I think you're right about Charlie Brown as sort of the 'every man' of post-WWII America. It's interesting that, as Schulz was writing these, the baby boom and suburbanization of America was all the rage. In fact, if I had to guess I'd guess that Brown et al live in some kind of quaint suburban town - you never really learn much about their place, probably because of the lack of adults (after all, as kids, a city and a town are basically the same -- your life is limited by the bounds that your parents put on you, not the bounds that society or constitution of your locality place).

But I (and by that I mean "as someone too young to have lived through that period") think of that time as one of happiness, as epitomized by the myriad of nuclear family-centric sitcoms that bring (non-masturbatory) wistful tears to the eyes of those older than I am. But the truth is the "lost generation" comment of Gertrude Stein could just as easily apply to the post-WWII America as it did to post-WWI America, and Charlie Brown (and probably Charles Schulz as well) represented that feeling. His depression at his surroundings (and there are so many very stark early strips where the other kids just comment on how depressed Charlie Brown is, something that really didn't happen in the later years) is obvious, and you wonder whether he'll ever be able to overcome the problem and function normally within his peer group society.

If Charlie had been 25 and a single guy living in the city, I could see him and Pigpen sitting around a bar, tossing back whiskeys and lamenting their lives and deadend jobs and overbearing bosses, with Lucy as the girl at the end of the bar who never quite give in to their advances and Snoopy as the wizened bartender overseeing all of this with a detached comedic eye. Which raises another point -- as adults, we have outlets for our depression to make things better. We drink, we gamble, we screw around, we go to the nudie bar, we curse like sailors and punch strangers in bars. What do children have?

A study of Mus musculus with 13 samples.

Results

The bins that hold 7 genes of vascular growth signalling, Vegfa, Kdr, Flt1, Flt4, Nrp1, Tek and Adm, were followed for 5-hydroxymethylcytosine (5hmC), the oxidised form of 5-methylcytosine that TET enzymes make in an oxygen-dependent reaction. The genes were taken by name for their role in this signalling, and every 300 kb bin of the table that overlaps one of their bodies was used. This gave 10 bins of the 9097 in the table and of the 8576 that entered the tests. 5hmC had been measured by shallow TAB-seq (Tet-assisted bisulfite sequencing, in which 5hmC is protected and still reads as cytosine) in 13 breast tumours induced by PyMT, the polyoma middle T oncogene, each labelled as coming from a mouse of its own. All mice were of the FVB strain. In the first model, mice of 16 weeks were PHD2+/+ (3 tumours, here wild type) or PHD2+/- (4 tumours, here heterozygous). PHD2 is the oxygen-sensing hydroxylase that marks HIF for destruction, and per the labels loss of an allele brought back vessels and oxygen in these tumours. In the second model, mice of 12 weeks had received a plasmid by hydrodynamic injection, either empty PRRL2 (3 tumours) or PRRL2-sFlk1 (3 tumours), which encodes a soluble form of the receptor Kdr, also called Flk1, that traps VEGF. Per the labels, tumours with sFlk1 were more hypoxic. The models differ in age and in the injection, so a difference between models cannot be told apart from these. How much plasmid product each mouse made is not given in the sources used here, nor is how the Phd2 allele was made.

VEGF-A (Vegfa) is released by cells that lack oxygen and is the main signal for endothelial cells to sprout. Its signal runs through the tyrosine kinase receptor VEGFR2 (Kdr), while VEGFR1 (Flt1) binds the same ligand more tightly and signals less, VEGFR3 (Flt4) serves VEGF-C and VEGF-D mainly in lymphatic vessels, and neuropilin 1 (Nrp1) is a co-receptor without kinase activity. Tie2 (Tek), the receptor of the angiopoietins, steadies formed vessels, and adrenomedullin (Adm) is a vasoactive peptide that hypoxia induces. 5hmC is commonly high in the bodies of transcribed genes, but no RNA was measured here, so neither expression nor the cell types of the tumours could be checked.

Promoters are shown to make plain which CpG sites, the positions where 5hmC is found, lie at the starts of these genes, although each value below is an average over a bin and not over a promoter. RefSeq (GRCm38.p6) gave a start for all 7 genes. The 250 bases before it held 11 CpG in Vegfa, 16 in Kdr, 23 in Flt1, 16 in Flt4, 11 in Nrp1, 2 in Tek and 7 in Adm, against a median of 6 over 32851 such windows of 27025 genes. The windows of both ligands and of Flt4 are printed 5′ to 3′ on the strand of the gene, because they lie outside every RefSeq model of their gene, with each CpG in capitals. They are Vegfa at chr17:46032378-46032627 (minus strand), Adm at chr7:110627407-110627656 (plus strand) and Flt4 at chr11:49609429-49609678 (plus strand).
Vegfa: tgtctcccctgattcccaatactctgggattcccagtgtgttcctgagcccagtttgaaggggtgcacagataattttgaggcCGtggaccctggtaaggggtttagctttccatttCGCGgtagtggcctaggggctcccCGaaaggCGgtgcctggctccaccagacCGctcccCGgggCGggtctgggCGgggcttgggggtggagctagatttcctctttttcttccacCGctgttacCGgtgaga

I wonder whether Charlie Brown wasn't really just someone in search of an outlet for his pain -- witness the repeated attempts to kick the ball (violence) and the repeated visits to the psychiatric booth (therapy), plus his eternal quest for self-actualization through winning at baseball -- and Schulz is telling us that sometimes a man's pain is simply his own to keep. That would certainly reflect the feelings of a lot of men coming back from war who don't think that those who weren't "over there" can ever understand what they went through. Perhaps Charlie Brown simply knows that no one can understand what makes him Charlie Brown.

(I'm a joy at parties with this kind of insight, BTW. I also do bar mitzvahs, where I perform tricks like crushing a child's dream while pointing out that older relatives will be dying off soon.)

[From elsewhere, sans math.]


Thanks for this, Scott. Your meditations on Tom Rath, in particular, are a welcome antidote to Malcolm Gladwell's New Yorker piece of a while back telling us that the lesson of Wilson's novel is that war veterans and other post-traumatic types should Just Get Over It. And isn't Jurca wonderful at what she does? Even without your gloss, I found her work indispensible to my realization that Wilson's war veterans inhabit the same emotional landscape as the ones in Spillane and Highsmith.

Ray Davis

The last great thing I remember in MAD Magazine was "Peanuts" as adults. The concept's been done again since, but their take, being closer to the original, was closer to UCCF's.